Marsai Martin Partners With Urban School Food Alliance and Student Voice to Support Free School Meals for All K-12 Students

Marsai Martin attends the 2020 13th Annual ESSENCE Black Women in Hollywood Luncheon on February 06, 2020, in Beverly Hills, Calif
Marsai Martin attends the 2020 13th Annual ESSENCE Black Women in Hollywood Luncheon on February 06, 2020, in Beverly Hills, Calif
Photo: Leon Bennett (Getty Images)

Marsai Martin believes all students should have access to free lunch. I do, too.


The Black-ish actress has partnere with school nutrition leaders Urban School Food Alliance and the national student-led coalition Student Voice to make sure students aren’t denied access to lunch and to prevent families from going into debt due to accumulating unpaid fees. In some cases, unpaid lunch fees can lead to other means of punishment and penalties, such as denying a student access to other school activities such as prom and non-curricular field trips, and, in the worst cases, students can be denied the ability to graduate.

Per a press release sent to The Root:

School Lunch for All is a national campaign led by The Soze Agency and Galaxy Gives to ensure that school meals are provided, free of charge, to every K-12 student in America. To kick off the campaign, School Lunch for All is launching a petition which will put pressure on several legislative leaders including, the United States Department of Agriculture Secretary Sonny Perdue, reallocated COVID-19 relief funds to ensure that all students have access to free meals whenever doors reopen for the 2020-21 academic year.

“With all the things that kids have to worry about while attending school, I believe a healthy lunch shouldn’t be one of them,” Martin said in a statement. “Kids should be able to focus on learning while at school, not whether or not they have enough money to eat.”

Martin and the two organizations are supporting a petition written by Dwight Howard, the grandfather of then-kindergartener Anya Howard, who was refused a hot lunch meal and also shamed for not having enough money in her school lunch account. We’ve also reported on other instances such as a Florida high school student who was denied school lunch for being 15 cents short in 2018.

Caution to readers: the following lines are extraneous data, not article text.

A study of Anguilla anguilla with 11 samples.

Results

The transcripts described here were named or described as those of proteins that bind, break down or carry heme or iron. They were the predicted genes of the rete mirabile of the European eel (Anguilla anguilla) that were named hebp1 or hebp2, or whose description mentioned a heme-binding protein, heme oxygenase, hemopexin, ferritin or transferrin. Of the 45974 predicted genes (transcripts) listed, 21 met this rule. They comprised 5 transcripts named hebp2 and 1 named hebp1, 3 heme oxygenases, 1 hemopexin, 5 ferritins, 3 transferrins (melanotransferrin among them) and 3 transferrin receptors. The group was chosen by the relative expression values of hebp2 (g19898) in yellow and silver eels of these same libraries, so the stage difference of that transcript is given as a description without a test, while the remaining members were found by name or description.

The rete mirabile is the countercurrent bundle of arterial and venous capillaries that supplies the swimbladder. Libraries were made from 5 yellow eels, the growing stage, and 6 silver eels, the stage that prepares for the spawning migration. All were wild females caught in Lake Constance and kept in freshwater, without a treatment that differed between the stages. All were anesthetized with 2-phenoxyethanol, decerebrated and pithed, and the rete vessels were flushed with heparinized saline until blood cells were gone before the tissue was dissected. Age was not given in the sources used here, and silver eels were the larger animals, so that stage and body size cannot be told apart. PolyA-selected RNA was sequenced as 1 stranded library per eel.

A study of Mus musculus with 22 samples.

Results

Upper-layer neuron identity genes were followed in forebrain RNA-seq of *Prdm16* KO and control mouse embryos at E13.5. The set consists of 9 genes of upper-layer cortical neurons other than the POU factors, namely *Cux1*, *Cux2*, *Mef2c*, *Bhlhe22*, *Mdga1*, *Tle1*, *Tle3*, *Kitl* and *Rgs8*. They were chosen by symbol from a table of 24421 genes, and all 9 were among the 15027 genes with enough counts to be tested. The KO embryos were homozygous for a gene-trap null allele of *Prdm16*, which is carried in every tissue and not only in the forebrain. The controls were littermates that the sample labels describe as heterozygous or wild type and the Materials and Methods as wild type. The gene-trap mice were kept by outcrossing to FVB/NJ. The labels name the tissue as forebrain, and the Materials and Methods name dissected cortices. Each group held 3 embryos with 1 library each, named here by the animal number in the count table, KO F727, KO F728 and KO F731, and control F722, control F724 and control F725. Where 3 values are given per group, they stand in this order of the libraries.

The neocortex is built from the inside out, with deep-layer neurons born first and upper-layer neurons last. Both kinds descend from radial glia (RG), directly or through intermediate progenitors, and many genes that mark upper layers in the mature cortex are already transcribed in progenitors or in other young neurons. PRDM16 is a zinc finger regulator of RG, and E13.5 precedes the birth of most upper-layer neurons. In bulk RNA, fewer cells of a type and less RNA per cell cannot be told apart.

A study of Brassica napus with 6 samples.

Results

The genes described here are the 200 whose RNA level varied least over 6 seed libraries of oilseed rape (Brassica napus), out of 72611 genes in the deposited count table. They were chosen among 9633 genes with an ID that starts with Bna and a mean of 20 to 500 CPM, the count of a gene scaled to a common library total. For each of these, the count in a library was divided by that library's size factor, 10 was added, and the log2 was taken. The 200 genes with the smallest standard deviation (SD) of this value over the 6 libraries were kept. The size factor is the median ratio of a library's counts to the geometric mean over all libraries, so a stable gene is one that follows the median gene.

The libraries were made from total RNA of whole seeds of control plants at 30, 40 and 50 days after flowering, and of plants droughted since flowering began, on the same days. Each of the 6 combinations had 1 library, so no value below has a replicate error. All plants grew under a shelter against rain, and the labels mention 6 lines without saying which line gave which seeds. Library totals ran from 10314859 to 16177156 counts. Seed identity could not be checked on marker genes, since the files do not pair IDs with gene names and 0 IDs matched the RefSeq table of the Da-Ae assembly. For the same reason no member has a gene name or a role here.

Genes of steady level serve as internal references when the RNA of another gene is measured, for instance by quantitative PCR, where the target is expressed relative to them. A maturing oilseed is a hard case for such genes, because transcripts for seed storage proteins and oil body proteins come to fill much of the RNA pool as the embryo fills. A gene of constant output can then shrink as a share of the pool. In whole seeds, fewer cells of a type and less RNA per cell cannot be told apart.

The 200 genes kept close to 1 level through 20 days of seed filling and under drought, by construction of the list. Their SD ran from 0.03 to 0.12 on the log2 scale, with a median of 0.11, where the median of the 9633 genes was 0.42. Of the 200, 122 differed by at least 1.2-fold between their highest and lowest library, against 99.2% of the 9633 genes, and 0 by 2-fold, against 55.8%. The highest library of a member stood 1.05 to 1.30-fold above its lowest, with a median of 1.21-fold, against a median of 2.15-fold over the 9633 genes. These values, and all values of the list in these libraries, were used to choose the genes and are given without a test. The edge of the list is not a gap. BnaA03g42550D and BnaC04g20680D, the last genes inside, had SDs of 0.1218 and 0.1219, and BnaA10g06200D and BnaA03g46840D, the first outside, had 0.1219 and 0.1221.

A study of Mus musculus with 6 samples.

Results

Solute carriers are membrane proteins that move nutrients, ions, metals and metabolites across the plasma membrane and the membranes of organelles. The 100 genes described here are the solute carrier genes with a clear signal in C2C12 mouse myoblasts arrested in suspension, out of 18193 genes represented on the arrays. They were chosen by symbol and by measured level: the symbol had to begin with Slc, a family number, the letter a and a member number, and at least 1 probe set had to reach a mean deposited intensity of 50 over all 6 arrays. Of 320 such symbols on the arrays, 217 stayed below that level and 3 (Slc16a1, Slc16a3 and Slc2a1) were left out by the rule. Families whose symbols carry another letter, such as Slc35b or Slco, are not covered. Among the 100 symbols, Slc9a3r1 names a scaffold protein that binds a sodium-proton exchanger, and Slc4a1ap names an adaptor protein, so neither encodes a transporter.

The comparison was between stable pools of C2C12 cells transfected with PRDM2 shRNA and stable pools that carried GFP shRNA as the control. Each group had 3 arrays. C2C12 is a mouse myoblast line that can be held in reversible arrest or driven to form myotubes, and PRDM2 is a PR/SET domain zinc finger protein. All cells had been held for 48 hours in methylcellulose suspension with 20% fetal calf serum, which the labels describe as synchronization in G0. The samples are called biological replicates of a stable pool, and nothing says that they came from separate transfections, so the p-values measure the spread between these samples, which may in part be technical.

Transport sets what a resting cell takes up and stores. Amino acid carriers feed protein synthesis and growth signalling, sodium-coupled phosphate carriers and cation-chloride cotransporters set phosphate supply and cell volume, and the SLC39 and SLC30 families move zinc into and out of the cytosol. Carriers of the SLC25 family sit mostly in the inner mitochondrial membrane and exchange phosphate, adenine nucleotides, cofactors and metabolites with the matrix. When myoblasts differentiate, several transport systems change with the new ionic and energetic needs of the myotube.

“The time has come to stop putting the burden of family income in exchange for school meals on the shoulders of our children,” Katie Wilson, Ph.D., Executive Director of the Urban School Food Alliance said in a statement. “When they come to school, children can receive a bus ride, textbooks, the most updated technology, science labs, and great learning opportunities as part of the school day. Only when it comes to school meals do we ask them for information about their family income. The science is clear, a well-nourished child has a much better chance at success in the classroom and on the athletic field, so why do we tie the educational tool that school meals bring to the table to family income?”


“School meals provide a benefit to local economies and America’s farmers, so let’s join together and make sure they also provide a benefit to the children they were meant to serve. Make school meals a Universal free program,” Wilson’s statement continued.“The money saved in administrative paperwork can be reinvested in the quality of the food and health and wellbeing of our nation’s children can be reinvested in our future. The time is now to invest in our children, it is the right thing to do.”

As a former Chicago Public School student who was a part of the free lunch program, this means a lot to me, and I’ll certainly be signing this petition. If you’d like to sign the petition and/or learn more information about this initiative, please head to For more information on the School Lunch For All campaign, go to

Staff Writer, Entertainment at The Root. Sugar, spice & everything rice. Equipped with the uncanny ability to make a Disney reference and a double entendre in the same sentence.



Free lunch recipient here. I was working with a couple organizations in LA several months back when schools first shut down to make sure the kids got breakfast and lunch specifically because I remember what it felt like as a kid...

This right here hits close to home and I’m getting emotional thinking back on how hungry I’d be in school even with my free milk and food. And as low income as my family was, I was well off compared to a good portion of my buddies.

I’d love to know more about how I can support this effort and will check out the link you provided. Thank you for sharing and for highlighting this story.